Nephelodes demaculata Barnes & McDunnough, 1918
OR : Harney Co.
Little Cottonwood Cr., 4371 ft
August 28, 2003, L. G. Crabo.
Specimen courtesy of LGCC
Photograph copyright: Merrill A. Peterson
Nephelodes demaculata is a pale medium-sized noctuid moth (FW length 16 - 17 mm) that resembles a yellowish washed-out Nephelodes minians and flies in eastern Oregon in our region. The forewing is nearly uniform light yellow-brown to red-brown, usually with slightly darker median area. The lines and spots are similar to those of N. minians although often nearly obsolete. The pale filling of the reniform spot and slightly lighter terminal area can usually be made out even if the other markings are lacking. The hindwing is pale, ranging from unmarked light yellow to pale whitish gray with slight gray suffusion toward the outer margin and a white to pink fringe. The head and thorax match the forewing ground color. The eye is covered with fine hairs and the male antenna is moderately bipectinate.
This species is very similar in size and pattern to N. minians, differing mainly in color and strength of the markings. Compared to N. minians it has a more yellowish color and the markings are nearly obsolete. The darker median area of N. minians is less contrasting or similar to the rest of the wing in N. demaculata. Nephelodes demaculata also resembles three species in the tribe Apameini: Apamea niveivenosa, Resapamea innota, and Amphipoea senilis. Males of Nephelodes have wider antennae than any of these species but they are best separated by noting the presence or absence of hairs on the eyes, present in Nephelodes but absent in the other species. When visible, the antemedial and postmedial lines of Nephelodes demaculata are smooth while those of these other species are irregular and scalloped, respectively.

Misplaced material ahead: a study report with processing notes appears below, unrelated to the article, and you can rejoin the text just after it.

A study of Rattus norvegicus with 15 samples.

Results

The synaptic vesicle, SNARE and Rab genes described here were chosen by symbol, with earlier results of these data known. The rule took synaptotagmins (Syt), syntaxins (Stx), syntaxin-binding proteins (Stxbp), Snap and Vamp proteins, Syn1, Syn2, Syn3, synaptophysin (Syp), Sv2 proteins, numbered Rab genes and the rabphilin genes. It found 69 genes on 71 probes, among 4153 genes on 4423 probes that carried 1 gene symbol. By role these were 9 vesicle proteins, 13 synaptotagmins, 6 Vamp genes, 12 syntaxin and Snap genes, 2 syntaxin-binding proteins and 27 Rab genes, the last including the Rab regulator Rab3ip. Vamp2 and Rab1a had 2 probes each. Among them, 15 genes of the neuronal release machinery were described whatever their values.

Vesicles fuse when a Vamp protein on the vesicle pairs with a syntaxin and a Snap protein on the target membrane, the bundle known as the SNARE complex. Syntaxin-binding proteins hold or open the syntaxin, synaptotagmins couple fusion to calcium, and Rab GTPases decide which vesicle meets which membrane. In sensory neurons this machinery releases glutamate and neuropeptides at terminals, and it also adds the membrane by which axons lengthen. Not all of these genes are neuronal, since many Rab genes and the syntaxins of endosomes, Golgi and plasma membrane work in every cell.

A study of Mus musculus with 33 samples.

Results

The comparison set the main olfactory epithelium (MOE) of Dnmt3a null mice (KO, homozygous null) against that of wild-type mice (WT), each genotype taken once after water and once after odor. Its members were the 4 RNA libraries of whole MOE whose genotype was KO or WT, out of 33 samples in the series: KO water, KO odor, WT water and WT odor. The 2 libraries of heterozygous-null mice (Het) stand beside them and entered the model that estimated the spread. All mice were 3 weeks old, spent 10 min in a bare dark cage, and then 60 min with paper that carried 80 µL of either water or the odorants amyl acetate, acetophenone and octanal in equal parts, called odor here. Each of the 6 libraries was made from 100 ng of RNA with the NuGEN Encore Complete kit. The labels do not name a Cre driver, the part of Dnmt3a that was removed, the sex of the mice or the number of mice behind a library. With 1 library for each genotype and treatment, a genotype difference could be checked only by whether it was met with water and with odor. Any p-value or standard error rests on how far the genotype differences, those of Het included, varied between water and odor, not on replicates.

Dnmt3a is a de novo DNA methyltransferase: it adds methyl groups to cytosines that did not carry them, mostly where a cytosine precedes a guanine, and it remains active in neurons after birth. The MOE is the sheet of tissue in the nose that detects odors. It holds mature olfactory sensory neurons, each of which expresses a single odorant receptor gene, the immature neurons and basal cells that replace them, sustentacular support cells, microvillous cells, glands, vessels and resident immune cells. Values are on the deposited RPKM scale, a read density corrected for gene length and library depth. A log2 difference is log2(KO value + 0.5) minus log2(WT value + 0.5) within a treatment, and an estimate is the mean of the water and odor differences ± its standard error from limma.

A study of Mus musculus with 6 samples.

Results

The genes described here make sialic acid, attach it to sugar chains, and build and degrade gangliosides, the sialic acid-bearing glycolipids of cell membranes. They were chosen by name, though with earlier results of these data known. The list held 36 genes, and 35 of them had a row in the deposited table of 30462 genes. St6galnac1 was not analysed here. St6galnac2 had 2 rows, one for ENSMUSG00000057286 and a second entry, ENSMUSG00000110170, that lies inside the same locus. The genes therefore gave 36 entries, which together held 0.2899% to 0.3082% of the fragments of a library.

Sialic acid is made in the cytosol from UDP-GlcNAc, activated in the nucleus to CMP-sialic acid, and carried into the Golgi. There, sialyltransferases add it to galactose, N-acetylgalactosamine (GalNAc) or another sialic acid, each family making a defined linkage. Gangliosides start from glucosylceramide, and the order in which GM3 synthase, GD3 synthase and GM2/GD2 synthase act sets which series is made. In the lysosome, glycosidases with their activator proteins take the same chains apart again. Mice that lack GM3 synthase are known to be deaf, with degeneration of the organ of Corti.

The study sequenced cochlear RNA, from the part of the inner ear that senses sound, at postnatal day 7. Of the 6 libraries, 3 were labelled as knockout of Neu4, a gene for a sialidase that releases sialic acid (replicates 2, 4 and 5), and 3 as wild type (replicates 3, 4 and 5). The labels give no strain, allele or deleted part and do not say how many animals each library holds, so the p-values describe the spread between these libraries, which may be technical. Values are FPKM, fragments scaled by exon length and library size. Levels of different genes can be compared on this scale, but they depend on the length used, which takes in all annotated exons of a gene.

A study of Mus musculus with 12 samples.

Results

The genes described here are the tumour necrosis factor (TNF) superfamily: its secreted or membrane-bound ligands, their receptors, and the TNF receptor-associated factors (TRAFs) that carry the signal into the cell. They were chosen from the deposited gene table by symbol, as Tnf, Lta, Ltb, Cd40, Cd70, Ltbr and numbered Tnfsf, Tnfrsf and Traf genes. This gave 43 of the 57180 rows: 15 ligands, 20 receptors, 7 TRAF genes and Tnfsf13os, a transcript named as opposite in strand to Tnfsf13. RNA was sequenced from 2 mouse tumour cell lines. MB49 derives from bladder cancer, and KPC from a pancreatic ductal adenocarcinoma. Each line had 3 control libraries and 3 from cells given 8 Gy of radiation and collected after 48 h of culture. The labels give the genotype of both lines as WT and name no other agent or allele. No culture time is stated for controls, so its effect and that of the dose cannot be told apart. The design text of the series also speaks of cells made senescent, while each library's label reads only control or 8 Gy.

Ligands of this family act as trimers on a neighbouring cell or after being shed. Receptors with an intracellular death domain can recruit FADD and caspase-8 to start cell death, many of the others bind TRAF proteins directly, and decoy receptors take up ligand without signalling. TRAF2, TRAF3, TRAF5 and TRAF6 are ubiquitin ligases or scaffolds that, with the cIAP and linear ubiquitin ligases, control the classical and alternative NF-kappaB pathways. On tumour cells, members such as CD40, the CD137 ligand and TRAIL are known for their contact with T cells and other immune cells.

This moth is probably only a subspecies of N. minians that is endemic to central Oregon. Intermediate populations are found south of the Blue Mountains in central Oregon, for example in the wet meadows along the South Fork of the Crooked River in Crook Co. Oregon. It is common to abundant in wet meadows along creeks and rivers in open ponderosa pine forests along the east slope of the Cascades at middle elevations. It is usually uncommon or rare in mountain meadows at high elevations along the summit of the Cascades, and in dry, open sagebrush steppe at low elevations east of the Cascades.
Nephelodes demaculata is found in eastern Oregon from the Blue Mountains south. It might occur in southern Idaho but has not been found in Washington or British Columbia and is unlikely to occur there.
The range of this species extends south through eastern California to the southern Sierra Nevada.
This species is a foodplant specialist feeding on grasses (Poaceae.)
Nephelodes demaculata flies in late summer and early fall. It has been collected from late July to September, slightly earlier than the peak flight of N. minians in our area. It is nocturnal and comes to lights.